Giving credence that it takes two to tango, The Neptunes show their prescience in their production of Kenna’s sophomore release Make Sure They See My Face. Say what you want about Pharrell and his embrace of the rock star life, the guy is a musical genius.

Channel surfing one night I heard this track on Letterman.

I thought it was a new N.E.R.D. track, but didn’t catch the first part and discover that it was actually a track off Kenna’s album released last October, the single entitled Say Goodbye To Love. It’s a really good pop song. That’s all you can really say about it. It’s the sort of pop music we never get to hear anymore. It harkens back to the 80s fiercely, but the bottom line is that it’s pretty sweet.

Kenna is an Ethiopian-born, American-raised singer who really likes music. It’s clear because he can’t pick a genre. The record labels hate that, because then their marketing folks don’t know how to pitch you to a public that they believe are too stupid to listen to stuff they like on the same album. Well, Kenna takes that thing to a whole new level. He tries to be his own person on Makes Sure They See My Face and yet, wants to make everyone get tricked into believing U2 released a new album too.Kenna

If you don’t believe me, fire up the track “Be Still” or “Baptized in Blacklight” and you’ll be sure it’s not anyone but U2. It might have been a clever trick to get the radio stations to pick up some of these tracks or get some rebel DJ to dig the album and play it and get everyone hooked on it. That’s still possible, I guess. But doesn’t exactly bode well as a real strategy for artist growth.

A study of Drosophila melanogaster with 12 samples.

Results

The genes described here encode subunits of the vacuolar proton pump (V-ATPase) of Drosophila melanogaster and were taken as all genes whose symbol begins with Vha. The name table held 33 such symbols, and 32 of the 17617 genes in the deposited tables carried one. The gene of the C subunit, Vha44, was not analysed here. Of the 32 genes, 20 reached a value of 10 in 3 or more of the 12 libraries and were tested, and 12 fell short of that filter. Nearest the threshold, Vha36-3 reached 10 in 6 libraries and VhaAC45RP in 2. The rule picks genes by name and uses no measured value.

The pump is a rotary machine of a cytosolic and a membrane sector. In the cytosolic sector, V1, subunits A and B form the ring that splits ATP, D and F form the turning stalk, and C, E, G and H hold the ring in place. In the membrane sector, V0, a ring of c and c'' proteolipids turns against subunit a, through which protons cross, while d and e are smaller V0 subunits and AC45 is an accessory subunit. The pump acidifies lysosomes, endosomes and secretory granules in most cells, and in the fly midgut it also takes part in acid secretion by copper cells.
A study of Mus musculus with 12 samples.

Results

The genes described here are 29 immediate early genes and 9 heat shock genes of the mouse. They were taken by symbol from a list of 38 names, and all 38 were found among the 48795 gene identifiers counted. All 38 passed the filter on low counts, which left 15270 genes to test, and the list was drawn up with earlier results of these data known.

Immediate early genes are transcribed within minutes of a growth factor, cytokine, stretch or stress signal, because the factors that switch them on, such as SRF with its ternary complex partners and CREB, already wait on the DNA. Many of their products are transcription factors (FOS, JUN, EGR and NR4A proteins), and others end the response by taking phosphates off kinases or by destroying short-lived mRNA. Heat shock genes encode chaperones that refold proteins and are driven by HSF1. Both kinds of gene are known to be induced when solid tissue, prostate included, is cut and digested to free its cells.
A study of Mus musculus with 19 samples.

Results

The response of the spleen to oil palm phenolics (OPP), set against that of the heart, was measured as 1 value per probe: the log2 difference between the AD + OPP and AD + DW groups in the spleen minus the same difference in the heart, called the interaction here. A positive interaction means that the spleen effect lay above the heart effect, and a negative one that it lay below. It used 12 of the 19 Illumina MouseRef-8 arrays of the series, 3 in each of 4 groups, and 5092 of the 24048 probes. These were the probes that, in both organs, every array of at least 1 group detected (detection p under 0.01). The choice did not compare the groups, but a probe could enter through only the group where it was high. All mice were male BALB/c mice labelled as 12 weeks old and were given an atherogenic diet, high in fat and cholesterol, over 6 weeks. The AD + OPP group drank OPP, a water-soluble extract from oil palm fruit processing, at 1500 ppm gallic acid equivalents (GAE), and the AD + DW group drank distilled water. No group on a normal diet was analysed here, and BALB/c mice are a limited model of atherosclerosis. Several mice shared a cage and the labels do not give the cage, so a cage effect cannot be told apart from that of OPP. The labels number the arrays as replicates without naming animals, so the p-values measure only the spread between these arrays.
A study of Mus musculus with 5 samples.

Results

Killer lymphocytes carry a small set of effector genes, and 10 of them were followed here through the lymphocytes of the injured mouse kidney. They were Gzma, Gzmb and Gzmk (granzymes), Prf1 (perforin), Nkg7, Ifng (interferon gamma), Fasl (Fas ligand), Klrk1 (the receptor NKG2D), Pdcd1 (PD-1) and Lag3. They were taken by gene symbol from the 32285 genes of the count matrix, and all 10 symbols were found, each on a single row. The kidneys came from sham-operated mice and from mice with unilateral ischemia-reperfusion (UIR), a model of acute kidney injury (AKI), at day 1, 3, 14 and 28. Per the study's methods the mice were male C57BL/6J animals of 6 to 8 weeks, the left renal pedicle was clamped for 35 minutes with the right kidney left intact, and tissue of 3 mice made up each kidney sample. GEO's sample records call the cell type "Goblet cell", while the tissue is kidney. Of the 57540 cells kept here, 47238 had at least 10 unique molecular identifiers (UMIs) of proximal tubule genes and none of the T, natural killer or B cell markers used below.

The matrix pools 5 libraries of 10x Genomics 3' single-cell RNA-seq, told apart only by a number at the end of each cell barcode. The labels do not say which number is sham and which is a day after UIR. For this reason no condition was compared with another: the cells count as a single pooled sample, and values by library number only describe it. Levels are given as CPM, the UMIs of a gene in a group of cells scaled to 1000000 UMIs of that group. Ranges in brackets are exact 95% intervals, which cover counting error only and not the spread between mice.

But make no mistake, Kenna is a real deal. He’s talented as hell and he’s not just being buoyed by the production team he’s employed in childhood buddies Pharrell Williams and Chad Hugo. No sir, he’s one of those unique talents who are supposed to be suppressed and have the hope killed out of them before they make it this far, so the labels can keep giving us the retreads they want us to rock out to.

Other tracks on the album that are worth listening to are “Wide Awake” and Neptunes production finger-print “Loose Wires/Blink Radio” which is a club jam that harkens back to the early 1990s and summers I can recall vividly on the Jersey Shore. (And I mean that as a compliment) “Sun Red, Sky Blue” is another really good pop song. Other standouts include “Phantom Always.”

The entire album is worth listening to from start to finish, because it’s meant to be an experience, I think and it sounds more cohesive that way, even if some of the tracks leave you not sure you want to hear them at first.

This album is best described as an abstract concept album that has so much going on that you’ll either love it or absolutely hate it. I doubt there will be much in-between, because you’ll either get through the whole thing and appreciate the artistry or you’ll despise the scatterbrained nature of it.

I don’t think it’s perfect by any means, but the ambitiousness of the entire concept, the execution and artistry are really what put it together for me in the end. Most artists wouldn’t have the talent or vision — let alone the courage — to release something like this.